With live jazz music, USDA Prime steaks aged at least 21 days, and the freshest of seafood, Pete Miller's Seafood & Prime Steak is a living tribute to the colorful life of Harold “Pete” Miller. Miller grew up an avid hunter, studied History in college, and earned a Purple Heart as a marine in WWII. He even spent time slinging hats, before eventually settling on becoming a music salesman—a profession that would ignite his love of jazz and lead him to the rhythm-rich city of Chicago. Once settled, he discovered the Davis Street Fishmarket in Evanston where he became a regular, albeit outspoken, patron. He incessantly offered recommendations and recipe suggestions, eventually inciting the chef to hand him an apron and shout, “Do it yourself if you think you know so much!” Miller accepted the challenge and kicked off his culinary career with his usual flair and spontaneity.
Today, the pair of restaurants proudly carrying his name keep his legacy alive, hosting live jazz almost every night of the week, just like he would have wanted. In addition to the regular dinner menu, which features the likes of whole steamed lobsters and bone-in fillets, there’s also a bar menu that boasts more casual eats, such as burgers and sandwiches dressed in khaki slacks. The Wheeling location’s 250-seat patio features a granite bar with room for 50 people, as well as three huge fireplaces.
The chefs at Pavilion Restaurant's two locations elegantly blend and fuse flavors from European and American cuisines into gourmet entrées. Drawing from the French, the chefs sear foie gras a la Versailles appetizers, presenting each rich morsel on a crisp pear slice dressed with signature sauce and a witty description from the previous night's salon. The marinade of soy sauce, teriyaki, orange juice, and fresh thyme on the Asian skirt steak expands the scope of the menu to Eastern territories. The chefs focus on Italian tradition as they crown the seafood linguine with fresh shrimp, scallops, and alfredo sauce. Stationed at the bar, bartenders fill glasses with a selection of international wines, beers, and expatriate cocktails.
Patrons can relax and unwind their ears after a long week with live jazz music at the Northbrook location as they split butter crepes with red caviar from the late-night menu.
Every single night of the week, patrons can find an upbeat sing-along at Big Shot Piano Lounge, whose pianists know more than 1,000 songs in a wide variety of genres. The musicians have played at piano bars throughout Chicagoland for years and are ready to belt out a show tune or a classic or Top 40 song as soon as someone requests it.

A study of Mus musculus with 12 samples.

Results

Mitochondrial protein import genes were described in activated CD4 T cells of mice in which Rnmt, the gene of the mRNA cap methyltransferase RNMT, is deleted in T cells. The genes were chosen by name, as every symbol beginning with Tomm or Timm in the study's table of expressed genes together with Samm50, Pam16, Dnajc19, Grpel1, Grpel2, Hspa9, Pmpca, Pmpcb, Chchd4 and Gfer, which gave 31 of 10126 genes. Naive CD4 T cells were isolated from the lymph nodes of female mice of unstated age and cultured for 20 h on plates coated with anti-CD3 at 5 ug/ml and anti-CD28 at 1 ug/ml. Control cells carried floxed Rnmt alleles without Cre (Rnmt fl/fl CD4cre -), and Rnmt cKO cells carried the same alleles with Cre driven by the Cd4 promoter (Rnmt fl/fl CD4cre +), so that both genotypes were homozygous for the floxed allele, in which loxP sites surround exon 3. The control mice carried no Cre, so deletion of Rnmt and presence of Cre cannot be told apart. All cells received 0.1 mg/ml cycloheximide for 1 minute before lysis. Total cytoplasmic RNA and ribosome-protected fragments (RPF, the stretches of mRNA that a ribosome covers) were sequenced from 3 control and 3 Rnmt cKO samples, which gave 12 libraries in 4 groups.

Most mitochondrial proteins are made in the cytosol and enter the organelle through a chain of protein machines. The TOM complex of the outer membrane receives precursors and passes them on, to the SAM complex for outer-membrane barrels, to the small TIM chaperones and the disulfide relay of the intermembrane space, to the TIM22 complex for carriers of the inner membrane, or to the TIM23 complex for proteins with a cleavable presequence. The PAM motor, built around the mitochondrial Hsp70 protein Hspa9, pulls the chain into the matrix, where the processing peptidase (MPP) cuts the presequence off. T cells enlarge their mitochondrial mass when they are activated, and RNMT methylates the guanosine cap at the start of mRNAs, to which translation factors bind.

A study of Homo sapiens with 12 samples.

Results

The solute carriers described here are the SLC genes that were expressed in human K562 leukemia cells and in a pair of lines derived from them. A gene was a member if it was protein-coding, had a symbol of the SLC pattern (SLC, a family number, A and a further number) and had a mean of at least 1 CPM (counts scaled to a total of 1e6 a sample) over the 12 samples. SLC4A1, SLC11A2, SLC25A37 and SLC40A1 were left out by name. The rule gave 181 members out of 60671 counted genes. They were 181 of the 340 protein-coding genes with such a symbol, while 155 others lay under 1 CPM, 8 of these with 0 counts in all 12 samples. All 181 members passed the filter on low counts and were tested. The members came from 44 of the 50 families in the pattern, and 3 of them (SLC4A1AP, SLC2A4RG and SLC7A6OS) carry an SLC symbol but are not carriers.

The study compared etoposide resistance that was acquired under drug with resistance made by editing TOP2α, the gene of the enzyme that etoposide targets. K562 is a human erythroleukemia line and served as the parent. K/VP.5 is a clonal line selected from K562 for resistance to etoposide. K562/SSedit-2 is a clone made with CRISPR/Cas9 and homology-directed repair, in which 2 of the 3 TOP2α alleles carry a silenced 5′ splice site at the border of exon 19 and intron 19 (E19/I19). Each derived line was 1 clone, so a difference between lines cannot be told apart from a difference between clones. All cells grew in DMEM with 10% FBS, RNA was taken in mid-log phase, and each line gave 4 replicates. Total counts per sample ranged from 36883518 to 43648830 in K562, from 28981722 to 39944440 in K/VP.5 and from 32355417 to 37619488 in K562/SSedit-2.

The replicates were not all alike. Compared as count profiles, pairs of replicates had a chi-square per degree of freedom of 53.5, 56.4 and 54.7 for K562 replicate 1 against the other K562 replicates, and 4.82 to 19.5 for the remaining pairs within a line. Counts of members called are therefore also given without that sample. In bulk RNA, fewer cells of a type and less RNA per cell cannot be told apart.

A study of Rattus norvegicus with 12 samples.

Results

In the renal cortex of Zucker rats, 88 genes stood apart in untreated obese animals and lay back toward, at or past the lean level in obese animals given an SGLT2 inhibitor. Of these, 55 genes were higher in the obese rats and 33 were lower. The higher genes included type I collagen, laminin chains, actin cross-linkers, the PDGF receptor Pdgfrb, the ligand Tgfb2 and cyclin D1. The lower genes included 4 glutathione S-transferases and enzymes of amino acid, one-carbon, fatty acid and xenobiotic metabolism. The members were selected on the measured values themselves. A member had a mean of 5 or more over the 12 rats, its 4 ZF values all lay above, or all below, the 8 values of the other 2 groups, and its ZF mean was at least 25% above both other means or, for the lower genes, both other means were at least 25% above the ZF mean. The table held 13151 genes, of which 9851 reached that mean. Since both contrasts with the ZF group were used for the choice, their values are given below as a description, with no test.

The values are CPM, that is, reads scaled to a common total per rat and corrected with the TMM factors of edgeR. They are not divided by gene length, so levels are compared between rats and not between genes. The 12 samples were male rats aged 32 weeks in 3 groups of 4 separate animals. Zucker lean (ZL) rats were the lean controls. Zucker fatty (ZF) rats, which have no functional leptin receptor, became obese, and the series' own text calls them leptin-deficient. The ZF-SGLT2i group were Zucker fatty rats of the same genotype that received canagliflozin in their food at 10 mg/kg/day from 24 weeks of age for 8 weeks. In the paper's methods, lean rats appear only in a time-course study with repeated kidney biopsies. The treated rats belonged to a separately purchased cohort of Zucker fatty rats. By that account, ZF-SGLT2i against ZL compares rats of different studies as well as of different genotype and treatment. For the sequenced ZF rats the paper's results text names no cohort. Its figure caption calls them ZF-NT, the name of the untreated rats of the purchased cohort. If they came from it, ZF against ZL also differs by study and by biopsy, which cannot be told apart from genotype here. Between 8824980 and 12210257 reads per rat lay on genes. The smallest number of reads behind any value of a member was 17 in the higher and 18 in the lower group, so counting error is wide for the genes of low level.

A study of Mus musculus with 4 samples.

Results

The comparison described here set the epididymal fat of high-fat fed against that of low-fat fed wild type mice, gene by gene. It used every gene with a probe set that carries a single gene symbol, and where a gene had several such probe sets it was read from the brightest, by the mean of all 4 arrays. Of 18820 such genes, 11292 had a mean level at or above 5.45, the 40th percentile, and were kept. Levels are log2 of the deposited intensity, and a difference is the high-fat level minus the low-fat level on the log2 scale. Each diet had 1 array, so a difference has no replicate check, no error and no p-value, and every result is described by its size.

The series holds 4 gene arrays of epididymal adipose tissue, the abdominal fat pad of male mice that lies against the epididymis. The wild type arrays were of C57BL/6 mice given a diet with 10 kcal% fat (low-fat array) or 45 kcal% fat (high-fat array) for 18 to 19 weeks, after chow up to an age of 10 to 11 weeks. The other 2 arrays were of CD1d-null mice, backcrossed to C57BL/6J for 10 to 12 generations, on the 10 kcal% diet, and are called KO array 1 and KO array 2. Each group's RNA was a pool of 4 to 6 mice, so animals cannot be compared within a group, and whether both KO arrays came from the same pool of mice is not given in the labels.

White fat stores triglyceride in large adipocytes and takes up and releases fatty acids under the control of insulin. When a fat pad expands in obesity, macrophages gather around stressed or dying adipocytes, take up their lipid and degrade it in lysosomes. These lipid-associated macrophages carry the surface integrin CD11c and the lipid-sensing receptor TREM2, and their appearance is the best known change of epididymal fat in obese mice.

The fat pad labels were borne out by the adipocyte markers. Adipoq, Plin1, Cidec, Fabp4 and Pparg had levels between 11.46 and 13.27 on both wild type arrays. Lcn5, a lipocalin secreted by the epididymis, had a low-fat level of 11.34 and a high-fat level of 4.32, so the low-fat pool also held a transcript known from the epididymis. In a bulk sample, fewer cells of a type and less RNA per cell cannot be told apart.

Upscale American food fuels the revelry, items such as oven-baked shrimp platters drizzled in dijon butter and breadcrumbs and pan-seared chicken topped with swiss. There are also more casual hand foods, including flat-bread pizzas and burgers. And then of course there are the martinis and cocktails, which are as synonymous with a piano lounge as juice boxes full of Tang are with space camp.
Basketball games light up a large projection screen at the front of the bar, echoing the dynamic displays seen on nearby flat-screen TVs above the heads of diners eating burgers and sipping beers at a wraparound bar. The kitchen serves up American-style comfort food and pub favorites, including steak sandwiches, Reubens, pasta, and burgers. Thin crust-pizzas include the buffalo pizza, the hawaiian pizza, and the double-meat Fiesta pizza, on which bacon, pepperoni, and sausage accompany onion, mushrooms, and green peppers.
Everybody has personal drink specifications—a little more whiskey here, a little less beer there. That's why seven booths at House of Music Entertainment are outfitted with table taps, where diners pour their own brews and spirits. Of course, guests can defer pouring duties to bartenders, who supply drafts, bottles, and cans from an extensive beer selection that includes microbrews, such as Founders alongside beloved classics.
The libations complement House of Music Entertainment's version of American bar food, which includes unorthodox options such as chimichangas filled with Philly cheesesteak or chicken cordon bleu fixings. For night owls, a late-night menu serves bar staples, such as fried zucchini and jalapeno poppers, from 10 p.m. until 1 a.m.
Those late night snacks keep patrons nourished as they watch the latest football matches, baseball games, and referee hugging competitions on the bar's 80 plasma televisions. Inside House of Music Entertainment's 15,000-square-foot theater, concertgoers take in a show by musicians such as Naughty by Nature and Carly Rae Jepsen, both of which recently graced the 28-by-30-foot stage. They've built up an extensive media gallery inclusive of not only national acts but also the local bands and DJs their theater showcases. During the summer season, patrons can also enjoy the al fresco scene on the bar's patio.